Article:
New Poll Shows Should the Supreme Court Strike Down Student Debt Relief, Large Majority of Voters Want Payment Pause Extension
May 30, 2023 | WASHINGTON, D.C. — Today, Congresswoman Ayanna Pressley filed an amendment to strike a provision in proposed legislation to raise the federal debt limit that would force President Biden to restart student loan payments later this year. The debt limit bill, which is expected to pass this week, binds the federal government to a reckless and aggressive timeline to restart loan payments, irrespective of the outcome of a pair of cases before the U.S. Supreme Court that will determine whether President Biden’s August 2022 plan to cancel up to $20,000 in student loan debt can go into effect. Congresswoman Pressley’s amendment would preserve the Administration’s legal authority to extend the payment pause in the future.
The Administration has repeatedly argued that this cancellation of debt is critical to ensure that student loan borrowers are not economically harmed in the event the payment pause concludes. Today, the Student Borrower Protection Center and Data for Progress released the results of a new poll showing that, by a lopsided 61-35 majority, voters want Washington to extend the pause on student loan payments should President Biden’s student debt relief program be struck down by the Supreme Court next month.
“The pause on student loan payments remains one of the most durably popular pieces of economic policy because the American people recognize what Washington has long struggled to understand: the student loan system is broken and the burden of student debt creates a barrier to economic opportunity for all of us,” said Mike Pierce, SBPC executive director. “The debt limit deal raises the stakes even higher for millions of working people with student debt. We applaud Congresswoman Pressley for standing up for borrowers and their families and fighting to preserve this critical economic lifeline.”
The new poll found strong support among Democrats and Independents, and among voters regardless of age, race, or gender. The new poll also found strong support among voters who never went to college, among voters who never took out a student loan, and among voters who had repaid a student loan and were no longer in debt. This weekend, President Biden and Speaker McCarthy announced a deal to raise the federal government’s debt limit. This deal includes a bipartisan agreement to codify an end to the pause on federal student loan payments, interest charges, and debt collection that has been in effect for more than three years.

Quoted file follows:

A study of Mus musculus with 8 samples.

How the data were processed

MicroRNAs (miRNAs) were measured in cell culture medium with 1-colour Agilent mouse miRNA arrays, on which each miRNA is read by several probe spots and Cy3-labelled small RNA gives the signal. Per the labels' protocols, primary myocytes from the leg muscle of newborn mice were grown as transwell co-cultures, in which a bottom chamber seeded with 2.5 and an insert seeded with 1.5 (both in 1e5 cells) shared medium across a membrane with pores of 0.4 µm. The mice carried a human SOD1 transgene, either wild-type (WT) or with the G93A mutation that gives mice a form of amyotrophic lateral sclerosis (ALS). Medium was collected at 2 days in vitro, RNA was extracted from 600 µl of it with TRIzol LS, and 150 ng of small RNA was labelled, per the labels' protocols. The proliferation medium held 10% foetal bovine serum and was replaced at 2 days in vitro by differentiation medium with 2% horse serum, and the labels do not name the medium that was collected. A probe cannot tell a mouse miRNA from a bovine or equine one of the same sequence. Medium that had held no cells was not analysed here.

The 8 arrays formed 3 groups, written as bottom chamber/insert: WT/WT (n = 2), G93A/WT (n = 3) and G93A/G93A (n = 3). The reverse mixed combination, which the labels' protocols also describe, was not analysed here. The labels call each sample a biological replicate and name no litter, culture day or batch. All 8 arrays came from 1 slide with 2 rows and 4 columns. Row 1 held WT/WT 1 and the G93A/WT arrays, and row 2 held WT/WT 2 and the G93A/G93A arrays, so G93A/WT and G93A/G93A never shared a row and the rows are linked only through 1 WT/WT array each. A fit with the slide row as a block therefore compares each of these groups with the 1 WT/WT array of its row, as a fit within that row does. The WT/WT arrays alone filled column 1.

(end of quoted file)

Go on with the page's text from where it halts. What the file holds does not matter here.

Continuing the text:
Student loan borrowers with a federally held loan have not been required to make a loan payment since March 2020, when President Trump signed the CARES Act, pausing student loan payments and suspending interest charges for tens of millions of borrowers. This critical lifeline was extended eight times via executive actions taken by President Trump in August and December 2020, and by President Biden in January, August, and December 2021, and April, August, and November 2022.
When Biden announced his intent to restart student loan payments after implementing broad debt relief, he explained that the Administration’s monumental debt relief plan was a necessary first step to protect borrowers and prevent disastrous loan defaults and other financial distress, particularly in light of the ongoing economic challenges facing our nation as a result of the pandemic.
In November 2022, a coalition of more than 220 organizations representing students, workers, and people of color called on President Biden to extend the pause on federal student loan payments until he kept his promise to cancel student debt, and utilize every legal authority available to enact that debt relief.
A copy of the November 2022 letter to President Biden can be found here:
About Student Borrower Protection Center
The Student Borrower Protection Center (SBPC) is a nonprofit organization focused on alleviating the burden of student debt for millions of Americans. The SBPC engages in advocacy, policymaking, and litigation strategy to rein in industry abuses, protect borrowers’ rights, and advance economic opportunity for the next generation of students.